Waverley Council Plans to Give Historic Charing Cross Village a Much Needed Makeover
The historic Charing Cross precinct will receive a facelift under a new plan from Waverley Council. A concept design of the plans was released on April 23 and Council is now seeking community feedback.
The project will include upgrades to the road and footpaths, transferring electrical cables underground, and introducing trees and on-street seating to the Waverley village centre.
It is expected that the works will begin in spring 2021 and take between 9-12 months to complete.
Waverley Mayor Paula Masselos told The Beast that consultation with businesses located in Charing Cross was a high priority for the council.
“Council officers have met with local businesses and will continue to work with them through consultation and into construction, which will be completed in stages to minimise the impact on business operations,” Mayor Masselos said.
Local businesses are welcoming the proposed upgrade, with many feeling it will particularly support restaurants and cafes along the strip. However, traffic and parking are key concerns for business owners, who hope these will be addressed under the proposed traffic study.
Ian Anderson, owner of Charing Cross Photo, said he feels that any upgrades to the shopping area will only be as good as the traffic management plan that comes with them.
“If I had one complaint it would be that there’s nowhere for people to park,” Mr Anderson told The Beast.
“Beautifying an area is one thing, but if they don’t manage the traffic and parking then it won’t help businesses.”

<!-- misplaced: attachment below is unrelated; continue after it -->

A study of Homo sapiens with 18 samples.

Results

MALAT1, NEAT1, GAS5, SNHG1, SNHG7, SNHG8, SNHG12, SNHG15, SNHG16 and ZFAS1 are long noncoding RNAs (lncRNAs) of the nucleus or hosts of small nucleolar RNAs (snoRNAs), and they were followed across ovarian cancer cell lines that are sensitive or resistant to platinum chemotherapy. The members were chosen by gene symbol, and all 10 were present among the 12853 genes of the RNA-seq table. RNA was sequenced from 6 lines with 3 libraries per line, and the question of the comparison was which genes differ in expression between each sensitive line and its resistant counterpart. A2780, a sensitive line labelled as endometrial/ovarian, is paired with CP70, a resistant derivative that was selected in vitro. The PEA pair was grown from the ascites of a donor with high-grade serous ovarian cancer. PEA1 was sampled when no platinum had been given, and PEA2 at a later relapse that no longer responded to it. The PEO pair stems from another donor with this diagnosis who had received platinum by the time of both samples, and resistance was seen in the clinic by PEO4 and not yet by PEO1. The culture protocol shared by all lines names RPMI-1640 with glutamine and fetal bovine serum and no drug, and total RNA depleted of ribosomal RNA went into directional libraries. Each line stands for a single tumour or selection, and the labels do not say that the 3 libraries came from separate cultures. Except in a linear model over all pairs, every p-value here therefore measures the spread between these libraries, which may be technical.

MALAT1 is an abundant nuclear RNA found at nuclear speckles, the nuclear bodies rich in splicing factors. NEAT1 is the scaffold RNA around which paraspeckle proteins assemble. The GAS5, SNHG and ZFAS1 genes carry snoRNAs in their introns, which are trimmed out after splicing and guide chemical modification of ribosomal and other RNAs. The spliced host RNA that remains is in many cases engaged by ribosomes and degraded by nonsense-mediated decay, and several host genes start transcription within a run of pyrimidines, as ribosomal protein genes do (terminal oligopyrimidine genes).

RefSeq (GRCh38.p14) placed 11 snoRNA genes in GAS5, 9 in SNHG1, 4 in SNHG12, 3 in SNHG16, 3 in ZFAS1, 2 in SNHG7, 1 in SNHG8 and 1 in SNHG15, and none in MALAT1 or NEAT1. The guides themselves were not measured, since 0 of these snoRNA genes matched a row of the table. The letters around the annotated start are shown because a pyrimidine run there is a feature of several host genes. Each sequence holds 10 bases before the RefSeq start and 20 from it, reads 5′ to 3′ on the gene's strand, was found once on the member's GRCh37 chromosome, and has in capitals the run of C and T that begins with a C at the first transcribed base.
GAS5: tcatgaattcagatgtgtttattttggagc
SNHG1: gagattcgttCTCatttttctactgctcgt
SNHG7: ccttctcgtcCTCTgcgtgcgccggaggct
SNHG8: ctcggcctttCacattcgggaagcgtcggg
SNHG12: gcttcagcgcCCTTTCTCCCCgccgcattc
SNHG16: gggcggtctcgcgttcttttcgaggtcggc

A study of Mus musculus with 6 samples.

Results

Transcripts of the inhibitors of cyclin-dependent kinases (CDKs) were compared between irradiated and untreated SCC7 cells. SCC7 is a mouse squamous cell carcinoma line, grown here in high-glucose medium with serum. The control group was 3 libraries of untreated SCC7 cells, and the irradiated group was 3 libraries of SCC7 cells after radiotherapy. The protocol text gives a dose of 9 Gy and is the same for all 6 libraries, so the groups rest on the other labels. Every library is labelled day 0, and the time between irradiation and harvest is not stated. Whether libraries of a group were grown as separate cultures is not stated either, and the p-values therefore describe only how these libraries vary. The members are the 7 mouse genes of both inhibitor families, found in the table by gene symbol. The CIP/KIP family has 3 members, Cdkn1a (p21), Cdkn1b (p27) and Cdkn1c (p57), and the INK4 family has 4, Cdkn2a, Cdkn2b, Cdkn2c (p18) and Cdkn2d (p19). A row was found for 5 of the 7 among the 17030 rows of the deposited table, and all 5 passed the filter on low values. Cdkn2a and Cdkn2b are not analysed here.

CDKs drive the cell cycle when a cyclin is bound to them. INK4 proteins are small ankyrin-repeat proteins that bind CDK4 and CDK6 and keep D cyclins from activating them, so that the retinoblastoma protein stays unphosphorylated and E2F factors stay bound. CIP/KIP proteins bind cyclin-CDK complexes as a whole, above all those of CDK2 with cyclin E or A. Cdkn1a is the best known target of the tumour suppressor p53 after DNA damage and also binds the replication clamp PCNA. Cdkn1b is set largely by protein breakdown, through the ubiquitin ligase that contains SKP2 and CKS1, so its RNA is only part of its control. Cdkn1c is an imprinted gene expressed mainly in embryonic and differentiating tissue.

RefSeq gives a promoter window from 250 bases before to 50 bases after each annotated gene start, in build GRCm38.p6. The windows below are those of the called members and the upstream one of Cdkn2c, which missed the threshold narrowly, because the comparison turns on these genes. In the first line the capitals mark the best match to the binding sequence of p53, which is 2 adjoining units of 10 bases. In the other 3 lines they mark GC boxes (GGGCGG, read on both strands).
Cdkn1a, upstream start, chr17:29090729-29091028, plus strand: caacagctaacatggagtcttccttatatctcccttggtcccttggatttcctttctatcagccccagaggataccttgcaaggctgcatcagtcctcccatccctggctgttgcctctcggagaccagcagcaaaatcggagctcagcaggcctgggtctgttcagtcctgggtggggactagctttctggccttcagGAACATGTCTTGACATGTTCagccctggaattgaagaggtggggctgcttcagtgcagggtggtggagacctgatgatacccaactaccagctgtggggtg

One popular idea is to transform the village centre into a pedestrian-friendly area similar to the recent temporary transformation of Coogee Bay Road or George Street in the city.
Waverley Council’s proposed changes will widen footpaths, introduce a second pedestrian crossing and turn the street into a 40 kilometre per hour zone.
Charing Cross has long been a focal point for the Waverley community, with the intersection of Bronte and Carrington Roads being given the name by Waverley Council back in 1859.
Residents may not realise that local fixtures such as the Charing Cross Hotel, Waverley Public School and Waverley Police Station have been in their current locations since the 1870s.
The area lost some vitality as a result of the Bondi Junction shopping precinct’s expansion but subsequently regained importance, particularly during the lockdowns of last year when many residents were seeking to avoid large shopping centres.
Mayor Masselos said that the continued invigoration of the centre, as well as heritage preservation, are also key aims of the project.
“Council’s consultant team includes a heritage expert who will work closely with the architect and Council officers to ensure the heritage nature of Charing Cross is preserved and that the design and materials used align with the heritage qualities of Charing Cross,” she explained.
While Charing Cross business owners and residents within close proximity were consulted by the council in 2020, another round of community consultation has opened for the wider public to participate in. To share your thoughts on the proposed upgrade, visit haveyoursay.waverley.nsw.gov.au.